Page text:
For many months, the media has saturated American audiences with analysis of the impact of race on the 2008 presidential campaign. There has also been much discussion about how closely the world is tracking the election. However, there has been remarkably little discussion about whether some of our basic assumptions about race and ethnicity actually make sense to those beyond our borders. In fact, one of the most interesting points about our current national discussion about race is that it's often confusing and counter-intuitive to the rest of the world.
To understand why this is the case, we first have to think about what makes America different. In contrast to the experiences of the most nations, our unique history makes it hard for Americans to view racial issues outside the prism of color. Given the legacy of slavery, Jim Crow laws, and discrimination based on color, this makes sense. What's no less true, but less often acknowledged, is the extent to which we willingly accept the notion that being African American is also related to one's ideas and positions on issues.
We need only look as far as the recent resurgence of the debate about whether Bill Clinton was the first "black president." Frankly, this kind of discussion could only be had in America. It's premised on the idea that being black is determined by one's philosophies and political agenda, as opposed to being about whether someone has African ancestry. No one would even think to ask whether John McCain is more white than Mitt Romney, or whether the Houston Rockets' Yao Ming is more Asian than the Milwaukee Bucks' Yi Jianlian. The whole notion would seem absurd. However, it's still acceptable in our society to discuss blackness as if it's related to the way one thinks. Of course, good old fashioned skin color still dominates racial discussions in America. But for many in our country, how you think is as important as how you look when it comes to race.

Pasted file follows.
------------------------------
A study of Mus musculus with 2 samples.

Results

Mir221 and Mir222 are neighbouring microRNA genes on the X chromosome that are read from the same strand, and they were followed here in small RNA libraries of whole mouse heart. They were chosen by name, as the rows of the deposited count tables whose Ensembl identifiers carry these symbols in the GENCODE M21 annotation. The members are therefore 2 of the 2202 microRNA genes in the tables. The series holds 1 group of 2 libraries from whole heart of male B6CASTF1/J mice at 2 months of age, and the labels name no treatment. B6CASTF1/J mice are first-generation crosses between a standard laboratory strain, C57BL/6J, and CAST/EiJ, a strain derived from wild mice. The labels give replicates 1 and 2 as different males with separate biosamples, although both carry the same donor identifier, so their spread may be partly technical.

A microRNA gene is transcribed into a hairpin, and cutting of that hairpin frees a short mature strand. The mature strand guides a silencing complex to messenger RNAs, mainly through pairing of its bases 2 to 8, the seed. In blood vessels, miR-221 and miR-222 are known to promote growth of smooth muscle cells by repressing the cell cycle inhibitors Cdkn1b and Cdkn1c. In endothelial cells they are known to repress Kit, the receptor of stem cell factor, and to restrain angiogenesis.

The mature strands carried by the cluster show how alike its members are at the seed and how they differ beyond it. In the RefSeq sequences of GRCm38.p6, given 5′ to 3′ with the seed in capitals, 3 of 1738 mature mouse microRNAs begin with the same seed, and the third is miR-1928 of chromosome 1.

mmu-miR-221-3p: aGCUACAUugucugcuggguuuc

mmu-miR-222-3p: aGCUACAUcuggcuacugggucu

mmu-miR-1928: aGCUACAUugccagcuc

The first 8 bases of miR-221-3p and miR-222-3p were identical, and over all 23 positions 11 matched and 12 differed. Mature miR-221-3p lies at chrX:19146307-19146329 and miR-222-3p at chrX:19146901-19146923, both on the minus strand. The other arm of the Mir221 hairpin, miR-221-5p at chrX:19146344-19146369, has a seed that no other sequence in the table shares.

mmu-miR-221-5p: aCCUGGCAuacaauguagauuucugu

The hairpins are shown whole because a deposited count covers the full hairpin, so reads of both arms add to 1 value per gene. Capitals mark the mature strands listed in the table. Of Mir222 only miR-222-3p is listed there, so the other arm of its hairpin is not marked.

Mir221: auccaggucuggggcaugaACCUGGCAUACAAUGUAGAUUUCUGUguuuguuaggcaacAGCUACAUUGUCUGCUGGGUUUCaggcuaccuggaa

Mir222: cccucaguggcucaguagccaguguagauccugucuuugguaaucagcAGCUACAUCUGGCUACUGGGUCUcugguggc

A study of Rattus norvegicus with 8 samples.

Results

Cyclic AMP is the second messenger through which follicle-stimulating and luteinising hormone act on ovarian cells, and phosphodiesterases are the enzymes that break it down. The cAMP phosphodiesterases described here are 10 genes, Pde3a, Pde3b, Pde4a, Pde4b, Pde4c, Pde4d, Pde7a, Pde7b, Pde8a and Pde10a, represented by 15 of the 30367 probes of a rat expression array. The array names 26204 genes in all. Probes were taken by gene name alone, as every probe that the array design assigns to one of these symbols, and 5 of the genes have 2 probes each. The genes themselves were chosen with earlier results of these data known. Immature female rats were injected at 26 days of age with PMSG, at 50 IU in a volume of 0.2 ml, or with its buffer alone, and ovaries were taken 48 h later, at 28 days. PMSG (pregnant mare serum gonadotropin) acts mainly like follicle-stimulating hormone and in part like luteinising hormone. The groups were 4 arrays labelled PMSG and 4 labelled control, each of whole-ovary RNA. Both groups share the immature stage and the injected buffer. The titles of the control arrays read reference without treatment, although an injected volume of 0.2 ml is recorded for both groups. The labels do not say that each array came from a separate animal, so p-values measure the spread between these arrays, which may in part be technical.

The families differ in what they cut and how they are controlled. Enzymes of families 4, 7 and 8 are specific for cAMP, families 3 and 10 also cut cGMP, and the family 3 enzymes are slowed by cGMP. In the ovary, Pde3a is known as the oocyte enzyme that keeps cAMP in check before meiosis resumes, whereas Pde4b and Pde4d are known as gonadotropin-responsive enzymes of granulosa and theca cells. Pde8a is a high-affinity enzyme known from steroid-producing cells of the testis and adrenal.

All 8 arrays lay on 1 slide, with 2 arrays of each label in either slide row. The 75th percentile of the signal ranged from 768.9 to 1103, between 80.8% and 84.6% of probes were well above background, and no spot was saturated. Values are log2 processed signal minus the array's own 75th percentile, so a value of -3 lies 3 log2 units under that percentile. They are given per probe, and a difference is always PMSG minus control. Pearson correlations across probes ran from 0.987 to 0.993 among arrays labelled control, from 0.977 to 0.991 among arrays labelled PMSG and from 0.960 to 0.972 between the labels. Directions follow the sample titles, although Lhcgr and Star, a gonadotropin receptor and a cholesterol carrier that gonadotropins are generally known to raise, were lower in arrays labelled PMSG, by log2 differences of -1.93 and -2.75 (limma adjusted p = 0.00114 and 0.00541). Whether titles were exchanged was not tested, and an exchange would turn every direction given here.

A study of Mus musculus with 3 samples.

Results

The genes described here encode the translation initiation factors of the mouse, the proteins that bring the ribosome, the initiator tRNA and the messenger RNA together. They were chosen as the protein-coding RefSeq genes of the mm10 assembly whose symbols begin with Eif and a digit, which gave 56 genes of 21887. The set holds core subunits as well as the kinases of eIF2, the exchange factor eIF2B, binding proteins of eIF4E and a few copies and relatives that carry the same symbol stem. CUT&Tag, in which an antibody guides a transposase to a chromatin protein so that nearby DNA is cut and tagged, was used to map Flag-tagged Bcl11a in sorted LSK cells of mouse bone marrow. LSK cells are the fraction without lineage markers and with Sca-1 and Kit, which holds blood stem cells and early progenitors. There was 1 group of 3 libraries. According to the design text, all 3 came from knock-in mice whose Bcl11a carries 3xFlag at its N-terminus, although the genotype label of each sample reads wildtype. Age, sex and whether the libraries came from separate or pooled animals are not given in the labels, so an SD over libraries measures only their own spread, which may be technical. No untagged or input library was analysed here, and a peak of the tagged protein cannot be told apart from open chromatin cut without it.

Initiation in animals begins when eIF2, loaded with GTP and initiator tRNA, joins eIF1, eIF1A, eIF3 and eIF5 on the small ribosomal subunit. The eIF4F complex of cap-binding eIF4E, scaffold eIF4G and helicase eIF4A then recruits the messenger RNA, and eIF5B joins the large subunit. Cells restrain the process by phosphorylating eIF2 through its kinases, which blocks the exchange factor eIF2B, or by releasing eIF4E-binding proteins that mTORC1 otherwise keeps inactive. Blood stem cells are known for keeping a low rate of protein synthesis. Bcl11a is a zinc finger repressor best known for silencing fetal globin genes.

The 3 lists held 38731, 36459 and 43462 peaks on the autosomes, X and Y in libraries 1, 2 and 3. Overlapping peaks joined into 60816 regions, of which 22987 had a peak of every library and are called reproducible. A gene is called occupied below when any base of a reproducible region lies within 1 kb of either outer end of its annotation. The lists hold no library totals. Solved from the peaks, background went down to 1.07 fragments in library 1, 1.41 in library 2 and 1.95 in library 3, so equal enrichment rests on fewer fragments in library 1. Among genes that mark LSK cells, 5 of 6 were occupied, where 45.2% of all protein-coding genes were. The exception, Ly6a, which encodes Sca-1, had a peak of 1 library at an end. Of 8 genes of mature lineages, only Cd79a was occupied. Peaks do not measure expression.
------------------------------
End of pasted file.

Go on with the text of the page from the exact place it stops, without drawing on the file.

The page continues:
Given America's racial struggles over the years, the fact that an African American has done so well in the Democratic primary process has caught both Americans and non-Americans by surprise. Foreign commentators have repeatedly noted how the world is both intrigued and encouraged that this controversial superpower is seriously considering a black person for the highest job in the land. They see an America that is beginning to live up to its ideals. But it's doubtful that many non-Americans have been asking whether a candidate who looks black is actually black, or whether a former president who looks white is essentially black because of his special relationship with African Americans.
This is because most of the world doesn't expect to glean much solely from the fact that someone is black. And they certainly don't expect to derive a blueprint as to how a person thinks, or should think, about politics or public policy. They see racial issues through a different prism. Yes, there is much bigotry and discrimination against people of color in many societies around the world. But instead of asking "what color are you?" or "do you look at issues in a way that makes sense for people of color to look at them?", many people beyond our shores believe that it's more informative to ask "where are you from?"
Most African Americans who have spent significant time in Europe, for example, have probably experienced this distinction, and know that blacks from America are viewed with more affection than blacks from elsewhere. The long and positive history of African Americans defending free Europe as soldiers during the first and second world wars, and residing in Europe as intellectuals, artists, writers, and jazz musicians throughout the 20th century has left many Europeans with a positive impression of black America. Contrast this with the discrimination in most European countries levied against black and brown immigrants from the developing world, and their children. As an African American, you are an American first and black further down the descriptive list. (You are also a different kind of American, so less likely to bear the brunt of anti-Americanism.) As an African, you are too different, and thus a symbol of unwelcome cultural change and anxiety.
Perhaps America and Europe can actually learn from each other during this election season. In the U.S., we could work to let go of the outdated notion that being black is partly a state of mind. Just as whites are free to be progressive or conservative, visionary or reactionary, internationalist or local-minded, so, too should blacks. We could take a page from the Europeans and internalize the fact that being black doesn't tell you much of anything, and rightly shouldn't. Europeans, on the other hand, could strive to embrace their immigrants of color in the same way they have historically embraced African Americans. They should realize that cultural differences can and do add value and richness to Western societies, and be as encouraged by their own diversity as they are by America's.
Spencer P. Boyer is a regular contributor to The Root.